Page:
Once again we take a look at the valuations of the major 3D printing companies over the past week.
Publicly traded companies are required to post their financial reports, as well as appear on stock markets. From there we can calculate the total value of their company by multiplying the current stock price by the number of outstanding shares. This number is the market capitalization, and represents the current valuation of the company.
It’s a great number of compare companies, as the market capitalization can be leveraged to provide more capabilities for the company. Shares could, for example, be used as collateral for a loan. That and similar maneuvers could generate cash with which the company might undertake new projects.
In other words, “market cap”, as it is known, is quite important.
Note that our list here does not include all major 3D print companies. Not all 3D print companies are publicly traded, and thus we cannot officially know their true size, such as EOS. Others, like HP or Siemens, have very large 3D printing divisions, but are part a much larger enterprises and we cannot know the true size of their 3D printing activities.
Let’s first take a look at the major 3D printing companies on this week’s list. I consider these companies “major” because their market valuations are significantly larger than others in the space.
This week saw a shift at the top.
Newcomer Xometry, which debuted on the market only a few weeks ago, had shot right to the top of the list, where they’ve been for a couple of weeks. The drop could be due to a bounce-back after the heated trading that occurred when they first became tradable. Nevertheless, this week they were overtaken by 3D Systems.
Why did 3D Systems gain this week? It may have something to do with their quarterly report, which all publicly traded companies must issue shortly after the end of each quarter.
3D Systems reported something we haven’t seen in a very long time: a quarterly profit! The net income was US$45.2M, a healthy amount, which coincided with an increase in revenue over 2020Q2. However, comparisons to 2020 have an asterix due to the difficult times during that period.
In particular, 3D Systems’ healthcare revenues soared by an astonishing 38.7%, whereas their traditional industrial revenues were flat.
It seems that the strategy of new CEO Jeffrey Graves is paying off. The company has been aggressively divesting, investing, cleaning up and focusing on profitable lines of business.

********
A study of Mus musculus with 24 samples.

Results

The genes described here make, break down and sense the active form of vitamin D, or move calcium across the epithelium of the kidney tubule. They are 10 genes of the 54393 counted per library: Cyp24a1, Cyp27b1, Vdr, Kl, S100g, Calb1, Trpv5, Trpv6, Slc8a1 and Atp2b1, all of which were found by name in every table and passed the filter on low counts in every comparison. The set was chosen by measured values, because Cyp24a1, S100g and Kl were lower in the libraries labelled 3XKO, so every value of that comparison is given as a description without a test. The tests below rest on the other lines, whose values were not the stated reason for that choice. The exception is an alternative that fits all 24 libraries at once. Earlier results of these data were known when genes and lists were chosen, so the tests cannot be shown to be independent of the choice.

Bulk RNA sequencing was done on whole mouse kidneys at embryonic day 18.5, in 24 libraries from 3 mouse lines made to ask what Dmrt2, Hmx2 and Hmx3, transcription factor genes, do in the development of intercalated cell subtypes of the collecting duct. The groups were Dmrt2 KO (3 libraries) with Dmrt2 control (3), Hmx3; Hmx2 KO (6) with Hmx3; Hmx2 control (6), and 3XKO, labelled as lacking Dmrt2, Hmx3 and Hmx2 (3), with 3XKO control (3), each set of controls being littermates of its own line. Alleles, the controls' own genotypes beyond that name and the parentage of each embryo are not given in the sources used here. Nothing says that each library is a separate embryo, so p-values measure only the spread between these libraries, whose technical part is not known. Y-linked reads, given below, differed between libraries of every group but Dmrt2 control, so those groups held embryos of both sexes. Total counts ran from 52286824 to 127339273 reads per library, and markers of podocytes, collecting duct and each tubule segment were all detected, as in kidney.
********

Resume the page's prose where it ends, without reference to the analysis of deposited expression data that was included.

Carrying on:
Meanwhile, Xometry’s stock price tumbled by five percent, allowing 3D Systems to overtake them on our rankings.
Finally, Stratasys gained a notable eight percent on the week, likely due to relatively positive news on their quarterly report. They didn’t quite become profitable as 3D Systems did, but they are getting closer.
This week saw minor changes in market capitalization for the companies on the list with nothing notable to report and no changes in rank.
Note that we are unable to obtain Massivit’s market cap value, as it does not seem to be published, even though they are a publicly traded company on the Tel Aviv Stock Exchange.
We still await the debut of Shapeways and VELO3D, both of which have announced they intend to become publicly traded this year. They could appear on the market at any time, and I expect them to show up on our major players list.
Others In The Industry
While we’ve been following the public companies, don’t forget there are a number of private companies that don’t appear on any stock exchange. These privately-held companies likely have significant value, it’s just that we can’t now exactly what it is at any moment. The suspected bigger companies include EOS, Carbon, Formlabs and SLM Solutions.
Perhaps someday some of them will appear on our major players list.
Finally, there are a number of companies that are deeply engaged in the 3D print industry, but that activity is only a small slice of their operations. Thus it’s not fair to place them on the lists above because we don’t really know where their true 3D print activities lie.